Maskne, is the latest word in the Urban Dictionary. This cute word was recently coined as a result of a popular skin condition staring us in the face due to masks. As many American are required to don masks and face coverings publicly in order to protect the further spread of COVID-19, we have discovered a new acne that seems to form around those areas of the face covered by these protective masks. 

In case you haven’t realized, when you wear a mask, you’re sealing in your breath, which produces a moist and humid environment and changes the skin’s natural PH. When your breath, which contains bacteria, mixes with your sweat and oils from your skin, acne can occur. You may also experience inflamed hair follicles and rosacea flareups. Like diaper rash, masks can also irritate the skin by simply being worn for long periods of time. Almost all skin types will see some type of irritation from wearing a face mask for extended periods of time daily. Many will experience irritation from the physical friction and pressure of the material rubbing against the skin, while others will have acne cropping up. An additional problem is the habits we form. Since many masks tend to migrate because they are not a custom fit, people seem to adjust them frequently. This traps dirt and other irritants on the skin. In addition, many move the mask around for eating or drinking. To avoid blemishes, you need to change your skin care routine, consider what type of mask you wear, and how much time you spend in the mask. 

Keeping your skin clean is paramount to prevent breakouts. Make sure to wash your face with a gentle cleanser before putting on the mask. Also, use products which will hydrate, repair, and support your skin’s barrier function. If you can avoid wearing makeup under the mask area, consider doing so. To address the irritation the mask causes from friction, sparingly use a barrier cream, such as Vanicream Moisturizing Ointment, along the edges where the mask is most tightly fitted. This sealed-in moisture will protect the skin. You can also use a moisturizer that contains anti-inflammatory ingredients like niacinamide, which is a B vitamin and supports the skin barrier, aiding with ceramide production (the proteins that retain water inside the skin). It also helps balance the oil produced by the glands within the skin.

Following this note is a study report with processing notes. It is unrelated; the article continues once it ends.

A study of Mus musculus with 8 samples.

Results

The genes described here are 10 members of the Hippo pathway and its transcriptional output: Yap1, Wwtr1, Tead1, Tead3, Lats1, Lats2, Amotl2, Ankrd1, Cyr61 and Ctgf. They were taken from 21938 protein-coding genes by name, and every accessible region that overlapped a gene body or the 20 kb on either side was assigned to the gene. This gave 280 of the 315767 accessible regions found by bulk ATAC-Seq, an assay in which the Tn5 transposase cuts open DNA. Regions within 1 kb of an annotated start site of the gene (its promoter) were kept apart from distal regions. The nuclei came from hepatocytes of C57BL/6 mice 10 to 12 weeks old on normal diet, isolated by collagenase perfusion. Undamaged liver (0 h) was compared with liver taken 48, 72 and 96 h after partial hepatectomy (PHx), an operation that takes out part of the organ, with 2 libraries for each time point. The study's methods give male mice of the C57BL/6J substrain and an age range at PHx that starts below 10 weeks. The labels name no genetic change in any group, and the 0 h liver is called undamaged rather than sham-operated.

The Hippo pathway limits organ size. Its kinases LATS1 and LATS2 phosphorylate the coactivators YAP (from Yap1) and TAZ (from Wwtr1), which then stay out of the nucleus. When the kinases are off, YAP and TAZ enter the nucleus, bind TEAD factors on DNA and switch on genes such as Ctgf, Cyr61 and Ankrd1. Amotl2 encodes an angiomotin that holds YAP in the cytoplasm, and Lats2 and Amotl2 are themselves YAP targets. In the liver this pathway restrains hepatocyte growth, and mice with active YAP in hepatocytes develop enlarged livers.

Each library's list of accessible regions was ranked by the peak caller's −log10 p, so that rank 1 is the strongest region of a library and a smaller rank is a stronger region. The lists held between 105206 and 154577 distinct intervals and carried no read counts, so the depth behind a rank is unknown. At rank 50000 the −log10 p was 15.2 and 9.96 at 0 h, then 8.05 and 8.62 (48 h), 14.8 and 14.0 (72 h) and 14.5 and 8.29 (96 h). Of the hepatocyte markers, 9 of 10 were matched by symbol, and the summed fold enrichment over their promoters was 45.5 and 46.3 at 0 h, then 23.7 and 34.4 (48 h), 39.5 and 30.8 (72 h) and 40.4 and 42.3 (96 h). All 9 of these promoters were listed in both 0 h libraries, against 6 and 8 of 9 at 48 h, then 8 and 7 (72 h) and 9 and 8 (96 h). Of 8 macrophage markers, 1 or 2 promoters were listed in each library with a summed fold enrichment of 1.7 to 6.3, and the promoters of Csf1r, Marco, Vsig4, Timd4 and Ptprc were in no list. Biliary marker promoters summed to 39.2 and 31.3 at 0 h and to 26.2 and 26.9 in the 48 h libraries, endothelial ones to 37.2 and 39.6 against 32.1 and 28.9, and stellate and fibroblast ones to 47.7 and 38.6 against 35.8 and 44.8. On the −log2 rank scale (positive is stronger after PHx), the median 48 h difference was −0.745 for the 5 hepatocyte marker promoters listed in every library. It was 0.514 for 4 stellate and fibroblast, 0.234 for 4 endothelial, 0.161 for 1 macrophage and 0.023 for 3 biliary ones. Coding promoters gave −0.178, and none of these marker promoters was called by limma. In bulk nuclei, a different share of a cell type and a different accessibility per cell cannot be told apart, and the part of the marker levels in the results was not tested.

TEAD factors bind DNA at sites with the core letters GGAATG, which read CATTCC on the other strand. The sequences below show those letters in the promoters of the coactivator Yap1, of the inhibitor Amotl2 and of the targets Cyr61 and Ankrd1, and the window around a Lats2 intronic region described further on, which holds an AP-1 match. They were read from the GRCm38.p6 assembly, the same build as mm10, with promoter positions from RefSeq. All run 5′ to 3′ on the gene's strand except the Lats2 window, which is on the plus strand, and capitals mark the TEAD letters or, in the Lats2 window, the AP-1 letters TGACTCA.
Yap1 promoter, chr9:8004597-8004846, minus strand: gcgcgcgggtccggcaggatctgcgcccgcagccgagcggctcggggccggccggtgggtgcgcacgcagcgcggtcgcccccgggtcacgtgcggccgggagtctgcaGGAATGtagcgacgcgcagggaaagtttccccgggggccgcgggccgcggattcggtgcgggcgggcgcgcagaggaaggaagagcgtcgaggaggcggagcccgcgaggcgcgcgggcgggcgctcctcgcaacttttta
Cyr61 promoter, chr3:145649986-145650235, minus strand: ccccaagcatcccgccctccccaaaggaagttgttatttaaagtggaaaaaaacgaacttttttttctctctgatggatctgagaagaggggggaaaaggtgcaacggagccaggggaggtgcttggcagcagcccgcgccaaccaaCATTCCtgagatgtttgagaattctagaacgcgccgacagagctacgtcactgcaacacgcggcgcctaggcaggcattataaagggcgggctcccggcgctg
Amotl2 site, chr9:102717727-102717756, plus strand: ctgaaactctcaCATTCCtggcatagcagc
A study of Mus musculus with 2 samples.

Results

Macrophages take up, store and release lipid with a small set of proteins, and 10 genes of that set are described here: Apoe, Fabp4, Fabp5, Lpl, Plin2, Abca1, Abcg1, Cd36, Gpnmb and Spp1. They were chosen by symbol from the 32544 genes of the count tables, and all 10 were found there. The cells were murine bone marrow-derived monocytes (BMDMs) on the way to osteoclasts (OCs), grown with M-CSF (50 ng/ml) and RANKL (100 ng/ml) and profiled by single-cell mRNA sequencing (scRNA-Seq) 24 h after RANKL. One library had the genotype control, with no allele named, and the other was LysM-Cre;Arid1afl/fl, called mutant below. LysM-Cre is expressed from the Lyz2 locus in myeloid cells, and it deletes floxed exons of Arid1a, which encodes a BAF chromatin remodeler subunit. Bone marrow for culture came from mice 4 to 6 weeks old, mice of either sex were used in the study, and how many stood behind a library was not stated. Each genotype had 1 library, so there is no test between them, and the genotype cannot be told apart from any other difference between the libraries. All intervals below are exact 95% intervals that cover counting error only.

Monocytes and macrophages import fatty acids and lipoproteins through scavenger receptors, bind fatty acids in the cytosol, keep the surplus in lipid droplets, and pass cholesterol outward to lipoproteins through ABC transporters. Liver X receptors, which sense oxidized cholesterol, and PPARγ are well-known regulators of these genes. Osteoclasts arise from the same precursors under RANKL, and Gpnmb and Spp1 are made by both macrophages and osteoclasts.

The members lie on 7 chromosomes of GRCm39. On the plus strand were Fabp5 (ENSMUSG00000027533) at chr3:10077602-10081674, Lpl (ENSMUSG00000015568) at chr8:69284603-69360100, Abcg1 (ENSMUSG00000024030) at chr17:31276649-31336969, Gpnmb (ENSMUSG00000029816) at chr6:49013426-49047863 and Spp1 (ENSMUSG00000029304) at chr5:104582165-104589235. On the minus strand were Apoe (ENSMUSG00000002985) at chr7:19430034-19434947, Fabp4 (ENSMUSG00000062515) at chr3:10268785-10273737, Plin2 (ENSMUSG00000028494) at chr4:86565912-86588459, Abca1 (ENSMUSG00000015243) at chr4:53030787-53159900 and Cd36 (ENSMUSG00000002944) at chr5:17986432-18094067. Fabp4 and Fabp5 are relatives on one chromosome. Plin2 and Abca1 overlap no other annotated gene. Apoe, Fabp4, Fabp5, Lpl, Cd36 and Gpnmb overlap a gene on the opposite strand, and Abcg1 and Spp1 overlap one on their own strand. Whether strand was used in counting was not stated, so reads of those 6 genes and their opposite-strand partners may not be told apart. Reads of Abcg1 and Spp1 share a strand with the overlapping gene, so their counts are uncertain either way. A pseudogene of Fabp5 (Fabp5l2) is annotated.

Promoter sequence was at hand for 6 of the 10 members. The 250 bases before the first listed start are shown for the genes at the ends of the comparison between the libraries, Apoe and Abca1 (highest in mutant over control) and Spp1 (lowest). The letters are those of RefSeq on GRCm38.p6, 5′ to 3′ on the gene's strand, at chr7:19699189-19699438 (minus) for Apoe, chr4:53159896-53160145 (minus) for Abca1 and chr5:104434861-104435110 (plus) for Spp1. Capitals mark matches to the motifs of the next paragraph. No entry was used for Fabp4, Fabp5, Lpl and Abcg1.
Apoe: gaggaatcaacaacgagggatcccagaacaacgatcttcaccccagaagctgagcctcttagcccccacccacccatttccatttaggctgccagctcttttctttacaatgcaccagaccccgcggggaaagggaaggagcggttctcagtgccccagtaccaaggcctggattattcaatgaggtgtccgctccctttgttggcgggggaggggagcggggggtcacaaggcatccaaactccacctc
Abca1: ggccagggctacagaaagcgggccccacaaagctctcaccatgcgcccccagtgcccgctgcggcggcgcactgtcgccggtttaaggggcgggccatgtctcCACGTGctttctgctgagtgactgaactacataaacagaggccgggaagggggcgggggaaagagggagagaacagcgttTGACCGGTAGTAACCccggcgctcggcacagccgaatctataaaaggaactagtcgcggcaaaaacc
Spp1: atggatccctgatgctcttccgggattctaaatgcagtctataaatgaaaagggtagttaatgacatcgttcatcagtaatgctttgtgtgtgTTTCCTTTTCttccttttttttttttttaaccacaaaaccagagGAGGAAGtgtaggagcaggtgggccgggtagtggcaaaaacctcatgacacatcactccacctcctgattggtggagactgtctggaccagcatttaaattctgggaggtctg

To heal acne blemishes caused by masks, try incorporating cleansers with salicylic acid, benzoyl peroxide, or elemental sulfur. Salicylic acid is a beta hydroxy acid, which helps keep your pores clean, while benzoyl peroxide is a topical that decreases levels of bacteria that aggravate inflammation on the skin.

If you’re prone to acne, consider the type of mask you wear. However, in the event that you work in healthcare, you may not have choices as to what you must wear. For example, N95 masks filter out more than 95% of small particles and are considered essential for those performing medical procedures such as intubations. Because they fit tightly, they create a tight seal around the nose and mouth, which makes the wearers prone to pressure ulcers, rashes, or breakouts, since they’re being worn for extended periods. On the other hand, surgical masks don’t have a tight-fitting seal, so they’re less damaging to your face. However, they only protect from droplets but not small particles. 

Cloth masks depend on the material, fit, and number of layers they’re made of. These can also absorb natural oils, which may trigger your skin to compensate and produce additional oil, leading to acne. The best cloth option for your skin is a silk mask or one lined with silk, since this fabric has antimicrobial properties and is best for those with sensitive skin. However, they aren’t really effective against preventing the spread of the virus, since they tend to gap around the cheeks, nose, and mouth. Plus, the porous fabric allows smaller droplets to enter. A good option would be to line a breathable cotton mask with silk. 

Cleaning your mask often is also important to protect yourself from the virus and from aggravating skin irritations caused by oils and dirt trapped in the mask. If possible, wash it after each wear. The accumulation of germs, makeup, lip balm, and oils can worsen acne while pressing against your skin. You can use a gentle detergent free of dyes and fragrances. Place your cotton or other washable masks in a mesh bag to protect it and use the hot cycle. They can be washed along with your regular laundry. Use the highest setting to dry and be sure the masks are completely dry before removing. If you hand wash your mask, the CDC recommends using 5 tablespoons of bleach per gallon of room temperature water. Soak the mask in the solution for five minutes before rinsing with cool or room temperature water and dry in direct sunlight, if possible.

Remove your mask when you come home, unless you’re caring for someone ill. There’s also no need to wear your mask in your car.

Aside from the breakouts caused by the current ongoing stress level, the maskne can be annoying too. By maintaining good sanitary conditions, you can lessen the problem and help the skin heal.


Risselle Naimark is a Professional Freelance Makeup Artist and Skincare Consultant. She carries an extensive line of personalized skincare, cosmetics, and anti-aging products. Risselle is also available for weddings, Bar Mitzvahs, makeup lessons, and all of your beauty needs. She can be reached at 718 263-5517.